Cassinelli V., Oberleitner B., Sobotta J., Nickels P., Grossi G., Kempter S., Frischmuth T., Liedl T., Manetto A.
Angew. Chem. Int. Ed., 2015, May 15, doi: 10.1002/anie.201500561
baseclick GmbH, Bahnhofstrasse 9-15, 82327 Tutzing, Germany
Department Chemistry and Biochemistry, Ludwig-Maximilians-Universität (LMU), Butenandtstrasse 5-13, 81377 Munich, Germany
Department Applied Chemistry, Technische Hochschule Nürnberg G. S. Ohm, Kesslerplatz 12, 90489 Nürnberg, Germany
Physics Department and CeNS, Ludwig-Maximilians-Universität (LMU), Geschwister-Scholl-Platz 1, 80539 Munich, Germany
Interdisciplinary Nanoscience Center (iNANO), Aarhus University, Gustav Wieds Vej 14, 8000 Aarhus, Denmark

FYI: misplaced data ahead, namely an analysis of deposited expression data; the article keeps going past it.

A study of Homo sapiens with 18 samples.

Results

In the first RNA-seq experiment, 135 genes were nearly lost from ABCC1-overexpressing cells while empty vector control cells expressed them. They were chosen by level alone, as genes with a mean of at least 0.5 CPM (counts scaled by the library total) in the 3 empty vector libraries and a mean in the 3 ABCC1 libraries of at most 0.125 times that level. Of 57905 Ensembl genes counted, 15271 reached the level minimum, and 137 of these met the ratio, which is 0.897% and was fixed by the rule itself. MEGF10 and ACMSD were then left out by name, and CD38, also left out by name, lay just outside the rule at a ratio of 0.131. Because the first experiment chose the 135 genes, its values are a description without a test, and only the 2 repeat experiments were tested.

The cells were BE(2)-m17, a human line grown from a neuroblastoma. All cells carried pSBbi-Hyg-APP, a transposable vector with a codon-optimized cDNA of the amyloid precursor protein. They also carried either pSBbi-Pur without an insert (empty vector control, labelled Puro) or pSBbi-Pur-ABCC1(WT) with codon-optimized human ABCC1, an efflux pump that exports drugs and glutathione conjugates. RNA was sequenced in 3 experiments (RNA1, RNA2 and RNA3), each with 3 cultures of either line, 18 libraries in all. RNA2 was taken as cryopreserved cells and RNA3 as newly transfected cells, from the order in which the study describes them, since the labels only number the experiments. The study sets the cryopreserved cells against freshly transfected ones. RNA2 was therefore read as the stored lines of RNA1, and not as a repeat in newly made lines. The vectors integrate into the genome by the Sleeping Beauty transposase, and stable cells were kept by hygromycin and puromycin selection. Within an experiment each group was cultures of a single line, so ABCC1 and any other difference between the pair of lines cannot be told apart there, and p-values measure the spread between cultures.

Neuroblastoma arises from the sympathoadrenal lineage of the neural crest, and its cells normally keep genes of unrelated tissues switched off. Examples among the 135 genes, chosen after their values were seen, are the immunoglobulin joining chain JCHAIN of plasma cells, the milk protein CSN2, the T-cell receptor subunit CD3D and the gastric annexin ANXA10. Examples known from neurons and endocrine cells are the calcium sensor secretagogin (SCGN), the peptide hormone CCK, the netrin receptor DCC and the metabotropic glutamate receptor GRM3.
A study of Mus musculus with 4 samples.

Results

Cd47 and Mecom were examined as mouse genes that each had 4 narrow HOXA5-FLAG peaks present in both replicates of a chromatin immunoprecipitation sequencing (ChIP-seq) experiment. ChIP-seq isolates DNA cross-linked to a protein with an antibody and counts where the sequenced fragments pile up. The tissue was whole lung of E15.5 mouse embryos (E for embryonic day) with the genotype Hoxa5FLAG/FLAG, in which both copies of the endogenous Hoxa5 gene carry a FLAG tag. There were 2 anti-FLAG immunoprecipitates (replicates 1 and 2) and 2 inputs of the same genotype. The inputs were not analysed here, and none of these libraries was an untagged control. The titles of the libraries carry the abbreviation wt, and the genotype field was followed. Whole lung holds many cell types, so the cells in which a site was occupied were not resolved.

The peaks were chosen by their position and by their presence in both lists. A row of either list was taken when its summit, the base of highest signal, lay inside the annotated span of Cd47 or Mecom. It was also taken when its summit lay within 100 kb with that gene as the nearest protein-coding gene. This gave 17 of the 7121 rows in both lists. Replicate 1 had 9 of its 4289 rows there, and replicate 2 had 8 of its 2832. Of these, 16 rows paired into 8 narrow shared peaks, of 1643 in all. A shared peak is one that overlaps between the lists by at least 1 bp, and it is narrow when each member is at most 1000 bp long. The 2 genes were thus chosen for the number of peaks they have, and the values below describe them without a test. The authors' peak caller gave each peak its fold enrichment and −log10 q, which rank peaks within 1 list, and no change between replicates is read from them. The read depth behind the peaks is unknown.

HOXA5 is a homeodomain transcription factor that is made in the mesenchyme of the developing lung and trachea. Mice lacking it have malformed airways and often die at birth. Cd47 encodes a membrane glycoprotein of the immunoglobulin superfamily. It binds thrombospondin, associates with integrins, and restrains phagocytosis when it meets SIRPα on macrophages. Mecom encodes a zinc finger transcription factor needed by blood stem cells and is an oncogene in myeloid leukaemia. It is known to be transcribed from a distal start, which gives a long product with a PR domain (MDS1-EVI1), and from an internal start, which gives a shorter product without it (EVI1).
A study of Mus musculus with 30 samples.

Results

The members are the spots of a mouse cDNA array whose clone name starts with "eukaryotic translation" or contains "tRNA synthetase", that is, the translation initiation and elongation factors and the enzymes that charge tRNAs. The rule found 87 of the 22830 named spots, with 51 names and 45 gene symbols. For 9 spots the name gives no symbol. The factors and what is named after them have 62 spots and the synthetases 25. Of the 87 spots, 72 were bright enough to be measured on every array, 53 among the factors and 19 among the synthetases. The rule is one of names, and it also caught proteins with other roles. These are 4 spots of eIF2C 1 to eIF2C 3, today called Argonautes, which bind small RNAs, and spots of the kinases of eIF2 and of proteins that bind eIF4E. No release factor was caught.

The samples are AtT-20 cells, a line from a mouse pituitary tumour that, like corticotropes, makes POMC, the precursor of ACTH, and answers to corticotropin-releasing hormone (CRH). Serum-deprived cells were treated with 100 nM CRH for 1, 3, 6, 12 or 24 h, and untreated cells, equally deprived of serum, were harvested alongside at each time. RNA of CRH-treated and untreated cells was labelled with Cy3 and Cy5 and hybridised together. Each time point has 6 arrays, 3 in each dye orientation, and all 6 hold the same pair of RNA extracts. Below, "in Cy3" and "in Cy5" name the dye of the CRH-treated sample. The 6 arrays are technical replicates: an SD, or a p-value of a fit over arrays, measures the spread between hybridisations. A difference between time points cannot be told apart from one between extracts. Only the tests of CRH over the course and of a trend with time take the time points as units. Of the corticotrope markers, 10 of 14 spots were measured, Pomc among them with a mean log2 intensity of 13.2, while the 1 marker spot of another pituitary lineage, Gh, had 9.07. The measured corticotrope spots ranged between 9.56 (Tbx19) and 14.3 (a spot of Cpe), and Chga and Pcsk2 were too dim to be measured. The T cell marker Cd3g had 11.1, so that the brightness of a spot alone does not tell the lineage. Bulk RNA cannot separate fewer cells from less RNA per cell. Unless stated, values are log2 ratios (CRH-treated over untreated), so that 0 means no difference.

DNA-based self-assembled nanostructures are widely used to position organic and inorganic objects with nanoscale precision. A particular promising application of DNA structures is their usage as programmable carrier systems for targeted drug delivery. To provide DNA-based templates that are robust against degradation at elevated temperatures, low ion concentrations, adverse pH conditions, and DNases, we built 6-helix DNA tile tubes consisting of 24 oligonucleotides carrying alkyne groups on their 3′-ends and azides on their 5′-ends. By a mild click reaction, the two ends of selected oligonucleotides were covalently connected to form rings and interlocked DNA single strands, so-called DNA catenanes. Strikingly, the structures stayed topologically intact in pure water and even after precipitation from EtOH. The structures even withstood a temperature of 95 °C when all of the 24 strands were chemically interlocked.